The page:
After several weeks of heat, humidity and sleepless nights, last night, the heavens opened up, over Odessa. I am not talking just the Christian heavens, this downpour was far more than biblical, the Jewish, Islamic, Hindu and Buddhist faiths all came along for moral support.
Shevchenka Avenue, the street where we live, had recently been taking on the appearance of a city bound Atacama, yet in the space of less than ten minutes it turned into the raging torrents of the Amazon headwaters. Being a man of leisure these days, I can more or less choose when I want to go out, except of course today, there was no choice, the customs broker we were using, called us 5 minutes before the downpour and asked us to meet her at the UPS office in town in 30 minutes.
So fully unprepared for the torrent, Tania and I waded into Shevchenka Avenue. Tania’s initial idea had been to take the bus, which duly arrived after about 5 minutes. The bus idea was quickly abolished as we realized we needed a canoe to get from the curb to the point where the bus had stopped; and so we decided to walk down the street to find a point where the road and curb were not separated by a small lake.
The next obstacle was deceiving. A side road needed crossing and at first glance the waters gushing down it into Shevchenka Avenue were about an inch deep. Two girls standing on the side were not convinced, but with all the bravado of an Amazon explorer, I grabbed Tania’s hand and stepped onto the road and right up to my ankles. My trainers, which had seen betters days, a long time ago had large holes in them and filled quicker than the Titanic. The water seemed just as frigid. The two girls, convinced by my bravado received a similar fate, although being young Ukrainians; it was only the front of their feet that got wet courtesy of 6-inch stilettos.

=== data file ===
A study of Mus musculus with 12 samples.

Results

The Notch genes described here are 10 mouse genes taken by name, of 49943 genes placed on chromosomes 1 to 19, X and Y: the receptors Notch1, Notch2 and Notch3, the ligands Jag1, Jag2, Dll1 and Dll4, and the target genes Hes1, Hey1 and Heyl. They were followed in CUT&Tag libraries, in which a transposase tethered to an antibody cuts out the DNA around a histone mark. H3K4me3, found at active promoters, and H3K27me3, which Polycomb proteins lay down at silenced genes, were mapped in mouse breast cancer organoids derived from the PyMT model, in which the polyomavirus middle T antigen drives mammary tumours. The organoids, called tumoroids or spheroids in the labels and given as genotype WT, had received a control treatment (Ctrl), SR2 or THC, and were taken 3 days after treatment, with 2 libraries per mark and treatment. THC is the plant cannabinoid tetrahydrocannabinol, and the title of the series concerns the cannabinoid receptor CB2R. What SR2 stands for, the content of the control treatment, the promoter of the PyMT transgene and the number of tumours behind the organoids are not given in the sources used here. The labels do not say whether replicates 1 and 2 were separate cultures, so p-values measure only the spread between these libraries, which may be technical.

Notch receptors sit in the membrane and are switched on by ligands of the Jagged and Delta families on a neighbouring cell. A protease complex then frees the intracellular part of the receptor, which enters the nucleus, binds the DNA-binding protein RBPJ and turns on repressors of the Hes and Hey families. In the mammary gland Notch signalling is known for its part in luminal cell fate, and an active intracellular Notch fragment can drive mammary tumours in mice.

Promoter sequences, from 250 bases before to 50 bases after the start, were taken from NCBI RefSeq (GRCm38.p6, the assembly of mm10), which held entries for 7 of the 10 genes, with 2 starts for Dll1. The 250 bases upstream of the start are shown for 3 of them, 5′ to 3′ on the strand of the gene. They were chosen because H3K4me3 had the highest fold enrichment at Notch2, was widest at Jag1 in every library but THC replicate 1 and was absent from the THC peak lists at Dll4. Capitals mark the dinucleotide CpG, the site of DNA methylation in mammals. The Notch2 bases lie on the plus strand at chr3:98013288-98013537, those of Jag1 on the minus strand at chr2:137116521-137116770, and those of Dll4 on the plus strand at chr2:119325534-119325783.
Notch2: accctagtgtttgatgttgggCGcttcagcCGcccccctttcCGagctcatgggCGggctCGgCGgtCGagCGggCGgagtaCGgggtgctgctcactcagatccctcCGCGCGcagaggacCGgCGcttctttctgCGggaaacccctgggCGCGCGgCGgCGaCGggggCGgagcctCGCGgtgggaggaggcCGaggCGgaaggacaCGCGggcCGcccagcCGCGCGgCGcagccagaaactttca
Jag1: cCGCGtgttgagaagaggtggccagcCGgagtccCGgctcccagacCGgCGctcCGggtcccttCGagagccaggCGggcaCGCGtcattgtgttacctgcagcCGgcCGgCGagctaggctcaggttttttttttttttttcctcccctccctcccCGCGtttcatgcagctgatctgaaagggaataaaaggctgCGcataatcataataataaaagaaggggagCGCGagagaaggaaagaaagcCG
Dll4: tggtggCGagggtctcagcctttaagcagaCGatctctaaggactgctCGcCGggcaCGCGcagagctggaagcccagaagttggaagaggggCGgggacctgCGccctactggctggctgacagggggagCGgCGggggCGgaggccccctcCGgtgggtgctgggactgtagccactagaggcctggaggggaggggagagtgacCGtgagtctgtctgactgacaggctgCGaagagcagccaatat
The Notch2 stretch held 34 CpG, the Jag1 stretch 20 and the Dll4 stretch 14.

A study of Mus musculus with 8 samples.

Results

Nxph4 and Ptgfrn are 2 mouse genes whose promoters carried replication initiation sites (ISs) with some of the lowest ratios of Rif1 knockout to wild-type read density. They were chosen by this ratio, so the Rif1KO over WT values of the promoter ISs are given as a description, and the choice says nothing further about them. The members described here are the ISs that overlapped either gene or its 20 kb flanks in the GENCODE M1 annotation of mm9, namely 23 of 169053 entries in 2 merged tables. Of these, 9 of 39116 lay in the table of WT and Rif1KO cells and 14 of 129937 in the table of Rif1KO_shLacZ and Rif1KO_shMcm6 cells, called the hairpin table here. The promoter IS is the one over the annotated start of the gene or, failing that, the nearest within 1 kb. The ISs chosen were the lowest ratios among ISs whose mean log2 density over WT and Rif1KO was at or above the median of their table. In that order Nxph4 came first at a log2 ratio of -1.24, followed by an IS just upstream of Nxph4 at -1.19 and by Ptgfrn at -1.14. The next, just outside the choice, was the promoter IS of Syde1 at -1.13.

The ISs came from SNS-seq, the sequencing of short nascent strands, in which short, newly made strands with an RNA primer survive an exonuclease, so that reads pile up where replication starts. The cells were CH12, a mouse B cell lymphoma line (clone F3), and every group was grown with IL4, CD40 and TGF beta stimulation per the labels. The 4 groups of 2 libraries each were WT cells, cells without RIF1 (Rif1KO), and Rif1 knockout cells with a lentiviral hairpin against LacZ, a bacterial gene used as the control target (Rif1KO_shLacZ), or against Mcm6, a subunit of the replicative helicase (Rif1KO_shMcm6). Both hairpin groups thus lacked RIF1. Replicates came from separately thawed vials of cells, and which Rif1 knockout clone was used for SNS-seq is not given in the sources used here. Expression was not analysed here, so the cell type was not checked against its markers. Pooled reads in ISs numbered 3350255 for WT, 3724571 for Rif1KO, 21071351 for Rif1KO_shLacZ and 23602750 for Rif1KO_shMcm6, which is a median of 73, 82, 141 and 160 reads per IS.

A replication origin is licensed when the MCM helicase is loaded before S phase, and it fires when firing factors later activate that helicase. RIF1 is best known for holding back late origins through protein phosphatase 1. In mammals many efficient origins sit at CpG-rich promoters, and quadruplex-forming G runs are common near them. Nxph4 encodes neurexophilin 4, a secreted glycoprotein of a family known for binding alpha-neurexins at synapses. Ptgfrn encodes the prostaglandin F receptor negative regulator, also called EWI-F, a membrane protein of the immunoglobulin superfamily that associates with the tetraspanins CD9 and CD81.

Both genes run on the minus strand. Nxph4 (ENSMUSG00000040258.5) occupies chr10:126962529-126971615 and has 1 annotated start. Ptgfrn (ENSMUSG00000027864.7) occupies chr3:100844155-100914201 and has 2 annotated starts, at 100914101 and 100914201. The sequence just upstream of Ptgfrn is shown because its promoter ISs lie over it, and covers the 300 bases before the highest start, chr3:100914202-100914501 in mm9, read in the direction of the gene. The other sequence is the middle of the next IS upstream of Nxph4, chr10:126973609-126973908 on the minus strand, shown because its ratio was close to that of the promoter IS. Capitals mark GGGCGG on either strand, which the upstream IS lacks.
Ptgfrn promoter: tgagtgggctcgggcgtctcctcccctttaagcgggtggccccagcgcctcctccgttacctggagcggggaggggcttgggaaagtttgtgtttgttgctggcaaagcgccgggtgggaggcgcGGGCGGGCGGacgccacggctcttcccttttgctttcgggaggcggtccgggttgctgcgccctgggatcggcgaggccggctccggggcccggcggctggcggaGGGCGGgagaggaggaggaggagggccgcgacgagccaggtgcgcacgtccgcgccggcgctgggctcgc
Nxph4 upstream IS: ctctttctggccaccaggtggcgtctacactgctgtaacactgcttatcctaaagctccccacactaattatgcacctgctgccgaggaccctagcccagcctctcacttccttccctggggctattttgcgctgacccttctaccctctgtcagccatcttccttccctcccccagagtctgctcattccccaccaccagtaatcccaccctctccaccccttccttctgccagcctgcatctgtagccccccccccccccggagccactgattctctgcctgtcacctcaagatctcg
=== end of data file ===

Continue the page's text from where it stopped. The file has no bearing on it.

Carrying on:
Eventually we found some dry land and proceeded to find a car to take us to town. By now, Odessa’s transport infrastructure had virtually collapsed, the sudden deluge of rain had turn the roads into the tarmac equivalent of pulped banana skins and the combination of wealthy locals in 4X4’s going to fast and the less wealthy in Lada’s with banana skins for brake pads had led to absolute carnage. There were accidents everywhere and any semblance of traffic flow had disappeared entirely.
Eventually we got to UPS, I picked up my Mac computer and we called for a taxi to take us home. Now anyone that has tried to get a taxi in London when one spot of rain falls serenely out of the sky, will have sympathy for our predicament and our requirement for a large car (Mac Pro computers are not small) restricted us even more. After several calls we found a company who said they would be there in ten minutes.
We waited, ten minutes came and went, lightning was now flying over our heads and thunder rumbling so long you wondered if God had stuck it in loop mode. Rain was beating not so gently on our heads and my trainers were still leaking the water from Shevchenka Avenue.
Twenty minutes and Tania walked to the main road and started to flag down passing cars. Thirty minutes and she had persuaded some poor sod on his way home to divert round the corner and pick up a drenched Englishman with two large boxes and aquatic trainers. As we pulled away, I snook a glance in the rear view mirror to see a large car pull up outside the UPS office. On the top it said taxi. Tradition dictates that I suggest the rest of the journey back was uneventful but it wasn’t. Amongst the increasing destruction was a three-way pile up on a busy corner, involving two cars and a trolley bus completely blocking the southbound direction. One enterprising bus driver had driven his entire vehicle and passengers onto the pavement to get past the accident. Pedestrians scattered everywhere and the looks on the passengers faces as the bus dropped off an usually high curbside suggest that Ukrainian bikes sales may be on the increase in the near future.
Today the sun is shining and not a cloud in the sky. Of course I don’t have to go out!